Efforts by Spain in the sixteenth century to establish, and later maintain, a foothold along the Atlantic coast between Florida and Chesapeake Bay a region considered vital to the protection of Spain’s successful Caribbean establishments
brought the earliest Spanish-speaking peoples to present-day Delaware. In 1525 Pedro de Quejo, a Spanish slave trader, piloted a preliminary expedition composed of two caravels and some 60 crewmen for Lucas Vasquez de Ayllon, one of the Auditors of Hispaniola. The purpose was to explore the coastal area of land granted to Ayllon by the King of Spain in search of the mythical land of Chicora. It appears that Quejo entered present day Delaware Bay and sailed along much of its western side, then passed down the east coast of the Delmarva Peninsula to the lower portion of Chesapeake Bay.2
After this brief incursion, Spanish-speaking peoples would not return to Delaware until the mid-twentieth century. Meanwhile, during the 400 years in between, Dutch, Swedes, Finns, and Britons settled and colonized the region, in the process decimating, dispossessing, and displacing the Algonquin-speaking group known as Leni-Lenape, Delaware’s aboriginal population.3 Thus from its very beginnings, Delaware, one of the original thirteen British colonies, had a remarkably varied and complex ethnic composition and settlement.
Next to Rhode Island, Delaware4 is the second-smallest state in the Union. Delaware is made up of three counties: Kent in the center (800 square miles, established in 1664), New Castle in the north (494 square miles, established in 1680), and Sussex in the south (1,196 square miles, established in 1664). This small state, in the middle of the United States Atlantic Seaboard, not quite part of the South nor the North because of the way the Mason-Dixon Line bisects it, has until recently often been isolated and in many ways even deemed an unimportant place. The Mason-Dixon Line proved to be an effective cultural boundary in the state; key issues in U.S. history have consistently divided the state’s population. The Civil War, for example, divided sympathies in the state between Union and Confederation to the point that it resembled a miniature version of the country.5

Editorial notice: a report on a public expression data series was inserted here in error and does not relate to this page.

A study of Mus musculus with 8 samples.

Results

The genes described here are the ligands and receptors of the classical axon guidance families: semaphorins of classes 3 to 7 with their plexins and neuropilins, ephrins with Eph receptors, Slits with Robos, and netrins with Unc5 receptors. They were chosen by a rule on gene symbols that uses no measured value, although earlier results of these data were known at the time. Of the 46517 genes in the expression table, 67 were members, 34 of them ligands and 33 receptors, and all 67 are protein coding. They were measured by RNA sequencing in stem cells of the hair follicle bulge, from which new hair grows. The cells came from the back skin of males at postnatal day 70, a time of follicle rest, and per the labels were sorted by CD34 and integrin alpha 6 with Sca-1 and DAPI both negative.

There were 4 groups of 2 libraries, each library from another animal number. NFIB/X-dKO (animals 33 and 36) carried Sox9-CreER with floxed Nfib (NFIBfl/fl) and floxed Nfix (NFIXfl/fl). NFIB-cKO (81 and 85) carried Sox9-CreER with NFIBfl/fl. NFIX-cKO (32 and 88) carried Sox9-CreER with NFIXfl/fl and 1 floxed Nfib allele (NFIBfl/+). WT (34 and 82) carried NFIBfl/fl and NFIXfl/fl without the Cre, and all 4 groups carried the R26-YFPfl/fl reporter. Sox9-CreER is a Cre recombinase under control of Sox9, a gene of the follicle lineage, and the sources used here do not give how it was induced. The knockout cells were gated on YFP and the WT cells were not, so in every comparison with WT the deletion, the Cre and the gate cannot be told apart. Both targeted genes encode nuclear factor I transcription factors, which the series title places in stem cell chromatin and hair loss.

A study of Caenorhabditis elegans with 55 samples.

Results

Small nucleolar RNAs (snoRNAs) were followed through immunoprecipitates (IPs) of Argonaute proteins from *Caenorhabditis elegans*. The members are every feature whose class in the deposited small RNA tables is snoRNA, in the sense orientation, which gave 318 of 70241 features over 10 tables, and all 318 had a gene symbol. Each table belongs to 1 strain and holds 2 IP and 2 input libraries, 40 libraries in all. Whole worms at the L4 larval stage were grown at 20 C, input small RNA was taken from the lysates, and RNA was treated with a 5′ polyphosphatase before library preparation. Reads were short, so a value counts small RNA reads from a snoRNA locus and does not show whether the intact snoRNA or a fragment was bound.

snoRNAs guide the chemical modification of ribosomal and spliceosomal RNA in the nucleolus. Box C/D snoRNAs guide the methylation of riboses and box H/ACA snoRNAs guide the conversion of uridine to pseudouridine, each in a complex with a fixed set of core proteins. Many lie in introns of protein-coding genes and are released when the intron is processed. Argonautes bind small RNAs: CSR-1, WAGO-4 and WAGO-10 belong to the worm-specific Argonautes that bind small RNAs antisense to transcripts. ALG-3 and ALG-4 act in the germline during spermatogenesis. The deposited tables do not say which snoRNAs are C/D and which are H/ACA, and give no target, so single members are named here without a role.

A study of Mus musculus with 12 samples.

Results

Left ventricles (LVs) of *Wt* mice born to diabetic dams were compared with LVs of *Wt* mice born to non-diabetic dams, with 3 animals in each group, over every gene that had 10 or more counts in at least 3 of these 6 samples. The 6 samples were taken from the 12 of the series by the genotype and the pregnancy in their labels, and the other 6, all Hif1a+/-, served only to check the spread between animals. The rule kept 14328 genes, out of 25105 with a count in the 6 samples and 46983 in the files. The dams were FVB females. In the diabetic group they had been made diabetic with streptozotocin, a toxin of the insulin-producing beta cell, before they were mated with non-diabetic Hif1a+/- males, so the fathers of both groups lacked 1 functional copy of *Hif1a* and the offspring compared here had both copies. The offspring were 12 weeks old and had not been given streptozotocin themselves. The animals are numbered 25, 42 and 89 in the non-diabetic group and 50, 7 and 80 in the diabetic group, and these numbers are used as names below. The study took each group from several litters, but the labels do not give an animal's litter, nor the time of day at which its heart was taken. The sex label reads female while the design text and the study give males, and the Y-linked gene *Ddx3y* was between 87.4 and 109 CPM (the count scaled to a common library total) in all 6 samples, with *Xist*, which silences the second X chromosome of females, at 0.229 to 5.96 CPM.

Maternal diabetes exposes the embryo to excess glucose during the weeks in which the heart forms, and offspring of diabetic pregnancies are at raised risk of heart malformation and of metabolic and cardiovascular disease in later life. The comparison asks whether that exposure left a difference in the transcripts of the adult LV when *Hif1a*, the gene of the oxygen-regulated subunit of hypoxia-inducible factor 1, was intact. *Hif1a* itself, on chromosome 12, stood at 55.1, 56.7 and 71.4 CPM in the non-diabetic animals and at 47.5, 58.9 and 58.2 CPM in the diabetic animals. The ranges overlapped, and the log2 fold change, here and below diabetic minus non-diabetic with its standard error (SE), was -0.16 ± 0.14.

For Latinos, Delaware was not a traditional point of destination; however, as explained below, this situation changed rapidly during the last quarter of the twentieth century.
Puerto Ricans were the first Latino group to arrive in the area. They came in the late 1940s (after War World II) and early 1950s as contract laborers hired to work in the agricultural and industrial sectors. These workers provided the base from which sprang the Puerto Rican community in Delaware. Some of them settled in Wilmington and Newark (New Castle County), where they shared the historic misfortunes and hopes of the Irish, Germans, Poles, Italians, Jews, Ukrainians, rural African Americans, and other newcomers who had arrived over the past century and a half. Puerto Ricans were the dominant Latino presence until the mid to late 1970s (122,000 persons migrated between the 1940s and 1970s).
During this period, mushroom growing in New Castle County (although not as big as in neighboring Chester County, Pennsylvania) attracted Puerto Rican workers.
But in the mid-1970s and 1980s, the pull for jobs in the local mushroom industry coupled with the push of a declining rural economy in Mexico contributed to the rapid arrival of Mexican workers to Chester County, Pennsylvania, and New Castle County, Delaware.